Docker’s meteoric rise has been astounding, and it’s been a revolution for both developers and those administering systems. However, Docker is still often not well understood, even among some people who utilize it successfully during their day jobs. Here are a few facts about how Docker handles CPU usage.
The terminology surrounding containers and similar technologies can be confusing, and people sometimes use the same term for different ideas. However, it’s important to know that Docker doesn’t rely on full virtualization that same way other technologies do. Although there is a small amount of overhead in containerization in terms of memory and disk space, Docker images have full access to CPUs and can be expected to perform at full speed when running on a Linux machine. In the past, Docker on Windows and Apple used virtualization to some extent, but modern versions provide a much lighter translation layer that offers far better performance. Still, images on Linux machines can be expected to provide better CPU performance in general.
Per-Container Resource Limiting
One of the most powerful aspects of Docker is its ability to handle resources in a straightforward manner, and this is true of CPU limiting. By default, Docker images have access to all available CPU resources. On multiprocessor systems, Docker can be limited to a number of processors less that what the machine has available. Furthermore, users can give container images fractions of processors as well; on a two-processor system, for example, Docker images can be given access to 1.5 CPUs. Docker providers other means of limited access, and tools such as quotas can be incredibly powerful, especially when used on production machines. Achieving optimal performance will require some testing, but Docker provides a flexible approach.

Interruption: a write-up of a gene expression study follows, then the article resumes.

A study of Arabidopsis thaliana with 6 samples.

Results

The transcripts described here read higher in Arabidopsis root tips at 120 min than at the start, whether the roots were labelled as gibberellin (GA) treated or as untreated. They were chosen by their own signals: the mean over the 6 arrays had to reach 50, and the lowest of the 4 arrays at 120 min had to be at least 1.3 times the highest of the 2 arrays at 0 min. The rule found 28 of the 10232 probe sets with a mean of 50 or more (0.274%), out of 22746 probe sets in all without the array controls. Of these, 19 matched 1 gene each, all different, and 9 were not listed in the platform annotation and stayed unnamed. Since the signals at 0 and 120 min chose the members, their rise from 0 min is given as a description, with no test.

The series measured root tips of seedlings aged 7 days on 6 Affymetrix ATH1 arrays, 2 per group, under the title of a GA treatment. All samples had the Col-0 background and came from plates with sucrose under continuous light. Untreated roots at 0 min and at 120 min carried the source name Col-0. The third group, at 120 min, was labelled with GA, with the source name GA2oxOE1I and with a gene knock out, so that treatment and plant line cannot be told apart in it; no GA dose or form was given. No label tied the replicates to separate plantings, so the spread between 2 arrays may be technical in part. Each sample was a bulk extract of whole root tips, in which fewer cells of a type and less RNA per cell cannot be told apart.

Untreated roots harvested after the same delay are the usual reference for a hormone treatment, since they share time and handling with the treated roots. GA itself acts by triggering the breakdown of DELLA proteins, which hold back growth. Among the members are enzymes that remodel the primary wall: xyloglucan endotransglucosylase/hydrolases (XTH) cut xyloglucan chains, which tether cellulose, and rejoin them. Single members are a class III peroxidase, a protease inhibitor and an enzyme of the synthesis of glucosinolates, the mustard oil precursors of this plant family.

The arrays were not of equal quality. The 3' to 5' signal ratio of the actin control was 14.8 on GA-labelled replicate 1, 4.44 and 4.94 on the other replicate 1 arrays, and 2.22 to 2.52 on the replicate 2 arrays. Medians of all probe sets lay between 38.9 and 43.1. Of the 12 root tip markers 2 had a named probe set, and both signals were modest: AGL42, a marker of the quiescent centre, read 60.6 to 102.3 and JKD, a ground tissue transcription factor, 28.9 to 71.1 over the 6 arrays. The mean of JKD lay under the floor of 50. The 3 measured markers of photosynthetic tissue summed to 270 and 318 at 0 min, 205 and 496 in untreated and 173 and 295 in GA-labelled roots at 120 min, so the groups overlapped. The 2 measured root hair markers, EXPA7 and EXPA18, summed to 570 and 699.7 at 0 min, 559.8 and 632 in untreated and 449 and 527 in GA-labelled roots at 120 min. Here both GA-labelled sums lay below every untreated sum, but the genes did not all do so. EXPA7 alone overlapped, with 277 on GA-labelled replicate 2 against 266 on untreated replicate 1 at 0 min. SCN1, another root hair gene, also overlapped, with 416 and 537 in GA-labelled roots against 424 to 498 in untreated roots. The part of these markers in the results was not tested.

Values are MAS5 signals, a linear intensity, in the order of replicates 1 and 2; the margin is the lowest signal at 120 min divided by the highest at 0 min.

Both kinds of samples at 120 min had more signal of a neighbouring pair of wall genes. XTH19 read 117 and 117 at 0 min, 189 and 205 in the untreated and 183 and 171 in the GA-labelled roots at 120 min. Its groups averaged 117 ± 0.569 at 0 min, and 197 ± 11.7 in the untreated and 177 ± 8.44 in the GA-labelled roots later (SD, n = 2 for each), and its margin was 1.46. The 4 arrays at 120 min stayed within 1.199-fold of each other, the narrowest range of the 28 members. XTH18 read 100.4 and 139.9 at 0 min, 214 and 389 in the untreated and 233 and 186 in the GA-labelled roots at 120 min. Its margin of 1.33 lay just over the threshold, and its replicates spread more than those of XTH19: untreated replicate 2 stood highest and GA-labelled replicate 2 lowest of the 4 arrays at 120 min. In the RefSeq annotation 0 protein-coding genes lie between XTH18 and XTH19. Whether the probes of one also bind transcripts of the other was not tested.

Processes Inside Docker Images
Docker’s success is largely due to its ability to treat containers as singular units, and, as a result, controlling what’s going on inside of images can be a bit more difficult. It can be tough to measure CPU utilization of processes inside Docker containers. The “docker top” command can provide some information, and so can some of system’s built-in monitoring tools. However, all of these solutions are limited. Limiting CPU usage from processes inside of Docker images is similarly difficult. Although better tools might come online, Docker is designed to treat each running image as a self-contained unit, and it’s often best to use other tools for ensuring proper performance within each instance.
Docker has been a revolution, and its ability to streamline operations while providing excellent hardware utilization means it’s here to stay. Because of its focus on production, Docker offers excellent tools for handling CPU usage, and its flexibility means it works in nearly all types of production environments.